FREEPORT, Grand Bahama — Grand Bahamian tourism economy got a huge booster shot of optimism and hope on Wednesday, March 30, 2022, when close to one thousand visitors from two major cruise ships visited the island, partaking in various tourism attractions.
Four cruise ships had docked in the Freeport Harbour Wednesday morning – the Norwegian Sky, the Norwegian Pearl, the Grand Classica and Ocean Voyager — and hundreds of passengers filed out of the belly of those mega vessels and filled a number of tour buses, headed for attractions in West End
and in the Port Lucaya Marketplace.
“This is a wonderful time for Grand Bahama,” said Senator James Turner, who was on hand to welcome some of the visitors to the Port Lucaya Marketplace on Wednesday afternoon. “This is the time that reminds us of what once was and what we have to reclaim.
“We’ve been saying for a long time in Grand Bahama that we all ought to participate in the prosperity of the islands of The Bahamas. Today is wonderful. Four cruise ships in the port, we see buses going back and forth, picking up and dropping off tourists, we see the vendors here in the marketplace negotiating, we see hundreds of visitors walking around and we see our tourism officials smiling.”
Three hundred of the visitors were bused to Crystal Bay Beach, where they took part in the “swim with the pigs” experience. The attraction has been around since 2013 and has grown to become popular not only for cruise passengers, but also for those staying in Airbnb and even by local residents.
The tourist site not only gives visitors an opportunity to swim with and feed trained pigs, but there are kayaks available, a restaurant that serves strictly Bahamian dishes and drinks, a gift shop and cabanas set up along the beach shore.
Steven Johnson, General Manager at Bahamas Ministry of Tourism in Grand Bahama could not hide his excitement as he pulled onto the Crystal Bay Beach to welcome the visitors to the tourist attraction. He noted that things are starting to happen for Grand Bahama in terms of its tourism economy and the four cruise ships in port on Wednesday was just the beginning.
“Grand Bahama is primed for what is about to come,” said Mr. Johnson. “We’re excited about today and about the future. We were in Colombia about two weeks ago and we’re looking at a program out of Colombia. It’s not confirmed yet, but we’re working on it.
“Grand Bahama has turned into an all-age party city. People are coming here, whether corporately or for leisure, to celebrate and have parties in Grand Bahama. We’re excited about the opportunities that are coming.”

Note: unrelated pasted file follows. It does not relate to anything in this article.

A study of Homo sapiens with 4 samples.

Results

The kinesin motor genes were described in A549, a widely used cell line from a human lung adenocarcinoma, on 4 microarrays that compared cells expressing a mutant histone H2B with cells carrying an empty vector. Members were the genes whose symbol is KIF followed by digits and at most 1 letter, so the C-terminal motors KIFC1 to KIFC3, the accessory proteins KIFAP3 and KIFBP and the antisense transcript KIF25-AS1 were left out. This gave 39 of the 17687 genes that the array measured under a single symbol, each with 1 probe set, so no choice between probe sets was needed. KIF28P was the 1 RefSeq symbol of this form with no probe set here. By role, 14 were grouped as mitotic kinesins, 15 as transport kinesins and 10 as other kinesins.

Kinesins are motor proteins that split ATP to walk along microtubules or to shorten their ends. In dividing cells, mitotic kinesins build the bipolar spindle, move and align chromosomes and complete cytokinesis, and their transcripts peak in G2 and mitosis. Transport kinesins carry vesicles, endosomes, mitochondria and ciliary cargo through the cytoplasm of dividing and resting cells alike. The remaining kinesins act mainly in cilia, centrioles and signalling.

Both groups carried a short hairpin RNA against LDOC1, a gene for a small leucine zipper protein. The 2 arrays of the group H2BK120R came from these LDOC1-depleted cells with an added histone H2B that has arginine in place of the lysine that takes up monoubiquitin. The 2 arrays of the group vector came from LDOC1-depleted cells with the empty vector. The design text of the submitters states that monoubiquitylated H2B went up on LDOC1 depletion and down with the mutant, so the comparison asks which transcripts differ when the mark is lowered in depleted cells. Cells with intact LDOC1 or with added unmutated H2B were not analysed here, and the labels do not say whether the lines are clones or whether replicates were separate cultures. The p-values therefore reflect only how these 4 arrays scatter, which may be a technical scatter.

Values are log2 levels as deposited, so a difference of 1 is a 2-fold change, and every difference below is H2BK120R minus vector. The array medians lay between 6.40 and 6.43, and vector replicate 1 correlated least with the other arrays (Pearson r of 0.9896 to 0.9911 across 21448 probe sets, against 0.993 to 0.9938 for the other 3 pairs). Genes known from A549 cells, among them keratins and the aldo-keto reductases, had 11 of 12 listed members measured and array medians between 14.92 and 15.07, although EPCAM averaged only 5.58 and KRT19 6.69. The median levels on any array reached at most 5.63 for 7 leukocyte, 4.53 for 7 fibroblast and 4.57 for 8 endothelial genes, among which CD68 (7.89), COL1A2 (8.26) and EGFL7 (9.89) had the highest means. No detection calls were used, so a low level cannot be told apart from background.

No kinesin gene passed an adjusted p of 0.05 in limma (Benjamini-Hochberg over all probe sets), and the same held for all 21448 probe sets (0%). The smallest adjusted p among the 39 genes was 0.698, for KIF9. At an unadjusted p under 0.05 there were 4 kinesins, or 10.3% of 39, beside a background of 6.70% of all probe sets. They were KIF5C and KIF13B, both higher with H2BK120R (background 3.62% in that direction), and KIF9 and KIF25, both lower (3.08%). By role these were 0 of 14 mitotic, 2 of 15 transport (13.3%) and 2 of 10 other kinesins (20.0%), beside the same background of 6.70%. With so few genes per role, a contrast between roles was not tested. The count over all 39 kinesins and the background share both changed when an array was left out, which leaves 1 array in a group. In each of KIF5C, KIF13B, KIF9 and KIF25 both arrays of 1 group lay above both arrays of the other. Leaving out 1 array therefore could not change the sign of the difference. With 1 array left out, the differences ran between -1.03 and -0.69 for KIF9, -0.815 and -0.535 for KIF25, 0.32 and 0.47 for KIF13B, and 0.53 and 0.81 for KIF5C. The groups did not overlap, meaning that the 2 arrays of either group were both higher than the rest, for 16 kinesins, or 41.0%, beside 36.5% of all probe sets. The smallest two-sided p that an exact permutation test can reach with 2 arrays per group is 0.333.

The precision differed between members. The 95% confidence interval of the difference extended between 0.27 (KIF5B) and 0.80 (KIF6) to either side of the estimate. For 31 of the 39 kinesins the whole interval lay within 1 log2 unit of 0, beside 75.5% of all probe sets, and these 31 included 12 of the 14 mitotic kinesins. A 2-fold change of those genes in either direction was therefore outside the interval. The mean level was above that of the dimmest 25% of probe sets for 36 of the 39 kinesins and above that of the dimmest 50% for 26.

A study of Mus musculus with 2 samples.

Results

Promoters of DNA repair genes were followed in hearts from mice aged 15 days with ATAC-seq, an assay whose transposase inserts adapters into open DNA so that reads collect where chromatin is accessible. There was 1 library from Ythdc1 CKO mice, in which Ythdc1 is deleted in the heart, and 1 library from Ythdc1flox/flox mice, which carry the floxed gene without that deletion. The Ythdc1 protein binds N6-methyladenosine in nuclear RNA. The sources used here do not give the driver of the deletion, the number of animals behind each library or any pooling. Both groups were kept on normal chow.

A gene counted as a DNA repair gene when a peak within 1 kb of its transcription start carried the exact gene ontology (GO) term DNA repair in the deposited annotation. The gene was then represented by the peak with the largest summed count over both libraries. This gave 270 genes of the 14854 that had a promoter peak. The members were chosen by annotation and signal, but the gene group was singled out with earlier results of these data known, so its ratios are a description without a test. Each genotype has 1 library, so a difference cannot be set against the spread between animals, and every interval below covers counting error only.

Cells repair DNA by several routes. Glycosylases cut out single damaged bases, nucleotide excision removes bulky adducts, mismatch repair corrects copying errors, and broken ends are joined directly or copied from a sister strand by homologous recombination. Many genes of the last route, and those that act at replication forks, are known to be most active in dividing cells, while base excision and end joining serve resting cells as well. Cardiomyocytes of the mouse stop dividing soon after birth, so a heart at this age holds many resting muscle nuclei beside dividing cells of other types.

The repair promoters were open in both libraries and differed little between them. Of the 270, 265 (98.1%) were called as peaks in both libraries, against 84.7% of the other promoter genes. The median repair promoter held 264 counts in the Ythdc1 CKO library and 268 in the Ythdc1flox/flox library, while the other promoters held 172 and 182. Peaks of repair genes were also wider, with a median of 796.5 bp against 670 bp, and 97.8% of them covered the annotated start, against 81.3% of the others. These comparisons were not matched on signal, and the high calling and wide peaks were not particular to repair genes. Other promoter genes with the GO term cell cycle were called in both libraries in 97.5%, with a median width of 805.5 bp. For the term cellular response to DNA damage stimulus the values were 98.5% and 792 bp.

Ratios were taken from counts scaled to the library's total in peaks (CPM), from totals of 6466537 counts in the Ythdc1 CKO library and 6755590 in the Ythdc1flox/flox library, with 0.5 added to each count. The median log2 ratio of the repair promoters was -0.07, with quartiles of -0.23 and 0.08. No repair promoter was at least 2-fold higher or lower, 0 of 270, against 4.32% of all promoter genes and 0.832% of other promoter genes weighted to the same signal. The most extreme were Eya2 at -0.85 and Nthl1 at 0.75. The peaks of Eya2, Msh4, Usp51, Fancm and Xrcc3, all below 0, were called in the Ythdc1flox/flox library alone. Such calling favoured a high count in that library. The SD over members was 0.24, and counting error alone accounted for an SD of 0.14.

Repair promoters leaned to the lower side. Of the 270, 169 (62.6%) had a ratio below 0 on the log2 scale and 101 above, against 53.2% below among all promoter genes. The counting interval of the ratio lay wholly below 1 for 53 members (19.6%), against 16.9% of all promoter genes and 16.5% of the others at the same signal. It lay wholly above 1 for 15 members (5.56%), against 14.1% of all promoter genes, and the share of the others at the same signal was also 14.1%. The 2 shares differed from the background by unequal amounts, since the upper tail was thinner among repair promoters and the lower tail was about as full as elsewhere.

The tourism executive said there is the opportunity to bring in fraternal tourism, religious tourism and other major groups. He noted that some of the attractions that have always been big sellers for Grand Bahama are up and running again.
Specifically, he noted that diving in Grand Bahama has become extremely popular with visitors. “We have two of the top diving exploration spots in the region at Tiger Beach just outside of West End and Shark Junction,” said Johnson.
“There are lots of activity at those spots. In fact, we have people coming in to make movies at those sites. Actually, I recently signed about 15-20 different releases, giving approval for movie companies to bring in equipment to make their movies.
“There’s something about diving here in Grand Bahama, particularly shark diving that you cannot get anywhere else in the Bahamas. So Grand Bahama has suddenly become a big diving hotspot. So, we’re excited about the possibilities for Grand Bahama’s tourism.”
The influx of visitors to the island comes a week after Minister for Tourism, Hon. Chester Cooper, bemoaned the empty, ghost-like feeling in Port Lucaya Market Place, during his visit to the island and tour of the market place.
During the time, the Tourism Minister, along with the Minister for Grand Bahama, Hon. Ginger Moxey, vowed to hold talks with the major cruise lines to find a way to bring visitors off the ships, away from the harbor and into the Port Lucaya Marketplace and to other tourist destinations on the island. “This is a red-letter day for Grand Bahama and it is certainly the beginning of a new day for the people of our island,” said Senator James Turner.
While he expressed gratitude for the influx of visitors to Grand Bahama and the economic opportunities for local businesses, Steven Johnson acknowledged that for many Grand Bahamians it has been difficult
economically, having gone through the devastation of Hurricane Dorian and then the effects of the global COVID-19 pandemic.
“But we say to them, hold on, hang on because the Magic City is almost on its way back,” Johnson added.